The $250,000 Colgate Series Championship, the final playoff for the top eight singles players and top four doubles teams in the season-long Colgate International Series of women's tennis tournaments, will be played at Capital Centre the first week in January, The Washington Post has learned.
The women's equivalent of the men's Grand Prix Masters Tournament, the Series Championship has been played the last four years at Rancho Mirage, Calif., in November.
It has been moved as part of a rearrangement of the women's tennis calendar, and will be played the week when Washington formerly hosted the opening tournament of the winter tour sponsored first by Virginia Slims and now by Avon Products.
Colgate-Palmolive, sponsor of the men's Grand Prix circuit as well as the women's International Series, originally planned to hold the playoffs for both simultaneously at New York's Madison Square Garden next January.
But Avon, a bitter rival of Colgate in the international cosmetics industry, had scheduled the eight-woman, $300,000 climax of its 11-tournament $2 million winter tour at Madison Square Garden, March 17-23.
Avon executives were adamant that they did not want Colgate encroaching on their showcase by holding a major women's tournament in the same building three months earlier.
A compromise, worked out in lengthy negotiations coordinated by Jerry Diamond, executive director of the Women's Tennis Association, provided that Colgate would give up its plans to hold the Series Championship alongside the men's Masters in New York in exchange for the right to play its finale in Washington the first week of the year. Avon had tentatively planned to open its circuit here that week.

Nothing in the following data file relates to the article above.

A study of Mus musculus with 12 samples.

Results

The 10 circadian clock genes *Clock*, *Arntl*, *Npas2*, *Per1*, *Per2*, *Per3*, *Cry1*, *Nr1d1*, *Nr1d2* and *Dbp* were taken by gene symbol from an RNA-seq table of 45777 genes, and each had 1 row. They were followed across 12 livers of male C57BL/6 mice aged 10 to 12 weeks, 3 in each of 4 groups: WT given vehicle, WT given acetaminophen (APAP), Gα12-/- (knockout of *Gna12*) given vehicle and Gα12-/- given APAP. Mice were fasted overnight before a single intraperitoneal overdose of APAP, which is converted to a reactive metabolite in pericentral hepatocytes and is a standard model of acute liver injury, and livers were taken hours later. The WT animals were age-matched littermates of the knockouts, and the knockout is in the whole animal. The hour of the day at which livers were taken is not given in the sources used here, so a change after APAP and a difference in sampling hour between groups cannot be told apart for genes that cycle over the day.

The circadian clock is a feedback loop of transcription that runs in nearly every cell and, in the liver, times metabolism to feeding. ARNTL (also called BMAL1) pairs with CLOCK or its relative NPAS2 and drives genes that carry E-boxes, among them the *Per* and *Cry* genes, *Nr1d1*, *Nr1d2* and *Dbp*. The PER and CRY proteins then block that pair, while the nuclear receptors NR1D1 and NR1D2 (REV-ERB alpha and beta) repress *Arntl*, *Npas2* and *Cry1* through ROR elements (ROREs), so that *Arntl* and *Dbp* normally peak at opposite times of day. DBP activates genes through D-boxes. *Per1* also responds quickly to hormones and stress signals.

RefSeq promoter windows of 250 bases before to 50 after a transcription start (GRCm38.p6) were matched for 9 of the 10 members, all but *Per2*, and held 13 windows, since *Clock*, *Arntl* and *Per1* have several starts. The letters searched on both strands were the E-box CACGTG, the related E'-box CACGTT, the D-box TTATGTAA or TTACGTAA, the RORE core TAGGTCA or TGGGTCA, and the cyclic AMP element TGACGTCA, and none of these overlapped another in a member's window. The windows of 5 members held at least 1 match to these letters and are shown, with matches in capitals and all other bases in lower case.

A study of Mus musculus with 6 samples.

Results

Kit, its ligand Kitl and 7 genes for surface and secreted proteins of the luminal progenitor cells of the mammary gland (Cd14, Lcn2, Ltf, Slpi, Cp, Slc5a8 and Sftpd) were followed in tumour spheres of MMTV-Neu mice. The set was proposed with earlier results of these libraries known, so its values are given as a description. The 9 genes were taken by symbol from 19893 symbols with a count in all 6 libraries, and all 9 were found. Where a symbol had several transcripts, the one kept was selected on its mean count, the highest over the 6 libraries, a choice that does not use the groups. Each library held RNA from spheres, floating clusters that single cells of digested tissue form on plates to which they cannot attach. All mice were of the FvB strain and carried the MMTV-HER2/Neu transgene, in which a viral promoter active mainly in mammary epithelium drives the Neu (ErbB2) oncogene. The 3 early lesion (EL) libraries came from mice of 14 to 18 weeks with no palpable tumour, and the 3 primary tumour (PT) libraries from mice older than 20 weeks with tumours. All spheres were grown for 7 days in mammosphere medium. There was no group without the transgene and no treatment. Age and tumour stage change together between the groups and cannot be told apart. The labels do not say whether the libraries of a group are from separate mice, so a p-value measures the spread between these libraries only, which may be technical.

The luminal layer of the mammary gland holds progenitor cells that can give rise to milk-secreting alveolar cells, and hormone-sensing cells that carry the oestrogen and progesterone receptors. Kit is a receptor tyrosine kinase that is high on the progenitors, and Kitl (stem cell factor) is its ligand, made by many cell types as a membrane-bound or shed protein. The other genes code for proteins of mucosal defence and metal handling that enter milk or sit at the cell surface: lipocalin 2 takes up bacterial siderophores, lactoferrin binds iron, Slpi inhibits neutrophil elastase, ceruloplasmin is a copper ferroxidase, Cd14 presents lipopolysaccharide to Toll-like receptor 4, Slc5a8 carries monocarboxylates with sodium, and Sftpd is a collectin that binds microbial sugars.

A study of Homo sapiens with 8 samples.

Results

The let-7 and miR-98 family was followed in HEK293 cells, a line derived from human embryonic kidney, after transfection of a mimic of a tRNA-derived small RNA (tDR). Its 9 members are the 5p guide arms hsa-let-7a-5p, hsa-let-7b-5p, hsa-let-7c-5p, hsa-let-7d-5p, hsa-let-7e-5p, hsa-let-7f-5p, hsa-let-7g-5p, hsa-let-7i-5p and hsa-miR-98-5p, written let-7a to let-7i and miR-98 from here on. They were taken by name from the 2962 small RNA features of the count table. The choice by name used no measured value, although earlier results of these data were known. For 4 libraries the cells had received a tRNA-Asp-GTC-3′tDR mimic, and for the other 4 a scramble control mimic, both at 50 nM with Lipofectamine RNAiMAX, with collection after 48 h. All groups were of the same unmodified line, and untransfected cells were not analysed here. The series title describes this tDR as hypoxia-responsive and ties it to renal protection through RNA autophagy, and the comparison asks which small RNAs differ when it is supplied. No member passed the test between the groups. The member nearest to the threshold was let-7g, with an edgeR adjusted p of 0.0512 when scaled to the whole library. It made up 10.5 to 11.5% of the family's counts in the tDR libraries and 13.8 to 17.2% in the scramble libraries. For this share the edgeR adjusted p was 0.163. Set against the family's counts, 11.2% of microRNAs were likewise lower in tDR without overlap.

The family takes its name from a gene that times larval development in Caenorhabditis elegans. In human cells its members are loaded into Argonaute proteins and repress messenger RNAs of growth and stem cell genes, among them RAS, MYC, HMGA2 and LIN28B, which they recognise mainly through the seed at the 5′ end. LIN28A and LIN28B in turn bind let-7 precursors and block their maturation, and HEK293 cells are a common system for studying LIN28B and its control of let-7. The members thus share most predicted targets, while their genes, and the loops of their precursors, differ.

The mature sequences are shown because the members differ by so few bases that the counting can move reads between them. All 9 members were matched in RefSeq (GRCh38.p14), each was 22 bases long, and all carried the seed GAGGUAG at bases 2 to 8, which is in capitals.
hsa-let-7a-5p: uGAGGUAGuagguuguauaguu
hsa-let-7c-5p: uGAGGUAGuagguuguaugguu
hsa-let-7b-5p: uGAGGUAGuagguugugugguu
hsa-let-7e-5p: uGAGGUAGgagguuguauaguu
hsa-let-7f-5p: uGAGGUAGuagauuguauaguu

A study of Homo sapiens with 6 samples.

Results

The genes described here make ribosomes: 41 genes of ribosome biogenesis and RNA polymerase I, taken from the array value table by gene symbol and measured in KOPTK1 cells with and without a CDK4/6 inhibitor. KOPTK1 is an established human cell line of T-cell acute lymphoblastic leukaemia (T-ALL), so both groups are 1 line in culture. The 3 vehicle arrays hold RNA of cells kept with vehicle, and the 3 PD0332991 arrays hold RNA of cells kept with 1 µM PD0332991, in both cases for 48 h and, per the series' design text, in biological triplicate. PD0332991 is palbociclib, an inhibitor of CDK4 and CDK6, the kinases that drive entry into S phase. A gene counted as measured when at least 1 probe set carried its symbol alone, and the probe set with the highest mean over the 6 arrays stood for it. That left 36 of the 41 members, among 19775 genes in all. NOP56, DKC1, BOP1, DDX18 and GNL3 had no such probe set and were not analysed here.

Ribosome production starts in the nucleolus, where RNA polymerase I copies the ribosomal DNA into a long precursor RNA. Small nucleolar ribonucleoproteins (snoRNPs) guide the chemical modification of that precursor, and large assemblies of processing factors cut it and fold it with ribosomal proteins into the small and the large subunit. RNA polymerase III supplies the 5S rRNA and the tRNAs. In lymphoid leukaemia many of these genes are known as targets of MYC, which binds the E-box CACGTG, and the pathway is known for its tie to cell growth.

The Avon Circuit will now begin the week of Jan. 8 in Cincinnati, and will continue on successive weeks in Kansas City, Chicago, Seattle, Los Angeles, Oakland, Detroit, Houston, Dallas, Boston and New York.
Contracts for the Series Championship will be signed later this week, it was learned.
The Colgate International Series links approximately 40 tournaments in 10 countries, including Wimbledon and the U.S. Open, with a point system leading to $750,000 in year-end bonus prizes for the top 35 women in singles and top 20 teams in doubles. The top eight singles players and four doubles teams also qualify for the Series Championship.
Ray Benton, a partner in the Washington law firm of Dell, Craighill, Fentross and Benton, is expected to serve as tournament director of the Series Championship. He also directs the Colgate Masters in New York, and headed the Virginia Slims and Avon tournaments here. The tournament will be copromoted by Capital Sports Inc. of New York.
Benton also said yesterday that Volvo of America has renewed its contract to sponsor a $125,000 men's Grand Prix tournament at Smith Center next March.